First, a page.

Texas Attorney General Vows To Prosecute Violations of the Texas Public Information Act
Texas becomes a leader in enforcing the public's right to know, leaving New York far behind
By all accounts, the Bloomberg administration makes decisions for the public in secret. Contracts are often signed without a competitive bidding process, and policies are implemented without any information getting to the public until notice is given about what rules and regulations we must follow. We, the public, are not allowed to discuss what we should be allowed to do, we are told.
Requests for data from the NYC Department of Education Central Records Bureau under the Freedom of Information statute are almost never complied with in a timely fashion, and as the NYC DOE is a secret government accountable to no one, nothing is being done to change this tragic state of affairs.
Texas is not going to follow New York City in keeping it's publicly funded daily activities secret. The Attorney General, Mr. Greg Abbott, has hired a prosecutor to go after violations of the "sunshine" or open government law.
Does Open Government Shine Brightest in Texas?
May 24, 2004
You likely won't hear about it in the nation's major media outlets, but recent events suggest Texas may be doing the best job of letting sunlight shine on state government. In the process it's establishing a benchmark for others.
The big news is the recent decision of Texas Attorney General Greg Abbott to hire an experienced prosecutor as the first attorney ever placed on the state payroll to prosecute violations of the Texas Public Information Act. Abbott's move means state and local bureaucrats who prefer to operate behind closed doors could now face the prospect of fines or jail time or both for violating the PIA.
The new prosecutor's "only job in the Office of the Attorney General will be to prosecute open government act violations," Abbott told a recent gathering of the Freedom of Information Foundation of Texas.
In 2003 Jack Patton found out just how serious Abbott is about enforcing the public's right to know. That's when he became the first Texas public official ever prosecuted and convicted for violating the PIA. The Patton case led to Abbott's decision to bring on a full-time PIA prosecutor.
Two years ago, Patton, superintendent of the Llano Independent School District in central Texas, refused to make public documents detailing how he and the school board were spending tax dollars. A reporter for the Llano Buzz newspaper and a county commissioner had requested the documents under the PIA. Following a three-month investigation initiated by Abbott and Llano County District Attorney Sam Oatman, Patton was indicted by a grand jury. Once convicted, he was fined $1,000 and received a six-month probated jail sentence.
"I want all government officials to take note of how this case ended," Abbott said after Patton's conviction. "I have said before that I will vigilantly enforce open government laws, and I will protect the public's access to information. It's essential to ensuring public confidence and accountability."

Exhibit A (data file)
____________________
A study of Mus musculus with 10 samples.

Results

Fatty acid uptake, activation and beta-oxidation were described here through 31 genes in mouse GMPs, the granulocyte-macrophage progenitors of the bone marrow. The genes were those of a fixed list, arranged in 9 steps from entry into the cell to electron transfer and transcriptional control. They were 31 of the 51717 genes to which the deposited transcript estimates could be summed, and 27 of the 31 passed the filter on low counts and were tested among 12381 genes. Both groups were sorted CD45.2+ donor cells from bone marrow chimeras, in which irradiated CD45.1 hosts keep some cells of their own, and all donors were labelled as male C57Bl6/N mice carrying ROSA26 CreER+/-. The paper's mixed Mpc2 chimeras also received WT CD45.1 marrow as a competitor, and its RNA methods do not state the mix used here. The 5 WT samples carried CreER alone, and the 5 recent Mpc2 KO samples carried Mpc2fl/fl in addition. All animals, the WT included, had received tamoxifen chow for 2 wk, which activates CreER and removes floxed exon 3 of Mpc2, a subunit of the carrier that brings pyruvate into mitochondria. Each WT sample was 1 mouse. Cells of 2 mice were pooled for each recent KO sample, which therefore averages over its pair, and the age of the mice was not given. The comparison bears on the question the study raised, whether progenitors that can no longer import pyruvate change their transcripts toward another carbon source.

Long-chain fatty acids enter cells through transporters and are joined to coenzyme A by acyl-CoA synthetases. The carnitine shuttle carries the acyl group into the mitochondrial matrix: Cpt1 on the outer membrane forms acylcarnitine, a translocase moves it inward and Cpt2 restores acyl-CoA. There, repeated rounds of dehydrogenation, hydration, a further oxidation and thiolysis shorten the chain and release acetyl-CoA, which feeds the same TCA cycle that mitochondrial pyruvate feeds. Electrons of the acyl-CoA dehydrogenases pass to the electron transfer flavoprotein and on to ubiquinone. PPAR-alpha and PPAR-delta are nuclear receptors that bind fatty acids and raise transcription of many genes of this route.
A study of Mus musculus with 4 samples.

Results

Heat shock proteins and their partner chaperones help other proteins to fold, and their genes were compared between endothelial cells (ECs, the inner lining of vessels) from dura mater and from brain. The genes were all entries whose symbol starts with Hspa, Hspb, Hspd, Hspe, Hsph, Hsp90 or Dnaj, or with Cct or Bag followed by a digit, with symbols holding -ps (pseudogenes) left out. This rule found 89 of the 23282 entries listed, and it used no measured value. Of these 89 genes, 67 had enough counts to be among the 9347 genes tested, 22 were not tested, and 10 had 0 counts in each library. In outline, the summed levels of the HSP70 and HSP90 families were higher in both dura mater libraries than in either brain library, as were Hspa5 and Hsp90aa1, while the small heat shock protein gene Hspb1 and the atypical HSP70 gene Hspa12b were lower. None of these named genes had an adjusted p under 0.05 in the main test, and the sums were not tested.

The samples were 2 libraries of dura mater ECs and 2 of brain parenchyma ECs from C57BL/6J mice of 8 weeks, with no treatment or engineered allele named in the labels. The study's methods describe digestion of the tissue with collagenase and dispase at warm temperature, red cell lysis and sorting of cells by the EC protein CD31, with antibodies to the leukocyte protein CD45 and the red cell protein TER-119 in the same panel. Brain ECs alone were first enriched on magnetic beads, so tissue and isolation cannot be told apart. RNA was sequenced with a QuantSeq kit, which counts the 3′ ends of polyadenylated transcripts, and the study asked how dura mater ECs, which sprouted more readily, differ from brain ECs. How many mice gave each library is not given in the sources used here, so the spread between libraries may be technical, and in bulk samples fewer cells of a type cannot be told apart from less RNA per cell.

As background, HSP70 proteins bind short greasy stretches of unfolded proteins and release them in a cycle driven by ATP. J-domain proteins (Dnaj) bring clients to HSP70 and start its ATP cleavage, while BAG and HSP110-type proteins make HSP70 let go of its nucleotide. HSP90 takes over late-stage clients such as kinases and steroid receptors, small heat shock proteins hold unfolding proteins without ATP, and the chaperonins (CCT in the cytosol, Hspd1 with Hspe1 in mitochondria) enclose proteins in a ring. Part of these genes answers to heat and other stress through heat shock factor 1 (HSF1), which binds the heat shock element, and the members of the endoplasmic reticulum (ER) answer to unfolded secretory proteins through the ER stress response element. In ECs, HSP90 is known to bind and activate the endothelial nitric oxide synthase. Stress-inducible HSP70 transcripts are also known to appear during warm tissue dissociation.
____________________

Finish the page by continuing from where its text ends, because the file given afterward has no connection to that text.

Abbott is a conservative Republican whose predecessor as Attorney General is now the state's junior senator in the nation's capital, Sen. John Cornyn, R-Texas. Cornyn is another conservative GOPer who compiled an impressive record of forcing open many previously closed doors of Texas governance.
As attorney general, Cornyn sued several Texas government agencies when they improperly withheld documents that should have been made public. He increased his staff to reduce a nine-month backlog of open records requests to 45 days and established a toll-free hotline to answer citizen questions about the PIA.
Unfortunately, the public's right to know is one of our fundamental liberties that too often gets mostly lip service, regardless of whether the offenders are federal, state or local government officials. Texas illustrates how having high-ranking officials willing to enforce a state's FOI law makes a big difference in the ability of residents to hold officials everywhere accountable. Consider these recent fruits of the Texas PIA:
Smith County Commissioners made policy and management changes after questions were raised about how the county government was handling surplus federal government property. Those questions resulted from documents obtained under the PIA. Among the changes made: the contract for collecting overdue property taxes was awarded to a new firm for the first time in 20 years. "Some county operations that basically have been shrouded from public view for many years have been uncovered for all to see," said a Tyler Morning Telegraph editorial.
The news is not always "bad" when the media use PIA laws to uncover things in government. The Dallas Morning News, for example, used the PIA to obtain more than 1,000 pages of memos, emails and other internal communications from Dallas Independent School District Superintendent Mike Moses to the school board. The story that resulted informed Dallas residents that Moses was doing a good job keeping school board members informed, something that had not been done well by past superintendents.
Whether you live in Texas or in another state, you have a right to know things like how public school officials are spending your tax dollars, how quickly police and fire officials respond to emergencies, whether health department officials are shutting down restaurants that make people sick, and a thousand other things-big and little-that we expect government to do for us.
As Patrick "Give me liberty or give me death" Henry said: "The liberties of a people never were, nor ever will be, secure when the transactions of their rulers may be concealed from them."
Mark Tapscott is director of the Center for Media and Public Policy at The Heritage Foundation (heritage.org).
Distributed nationally on the Knight-Ridder Tribune wire
Mayor Bloomberg and Chancellor Klein, any comments?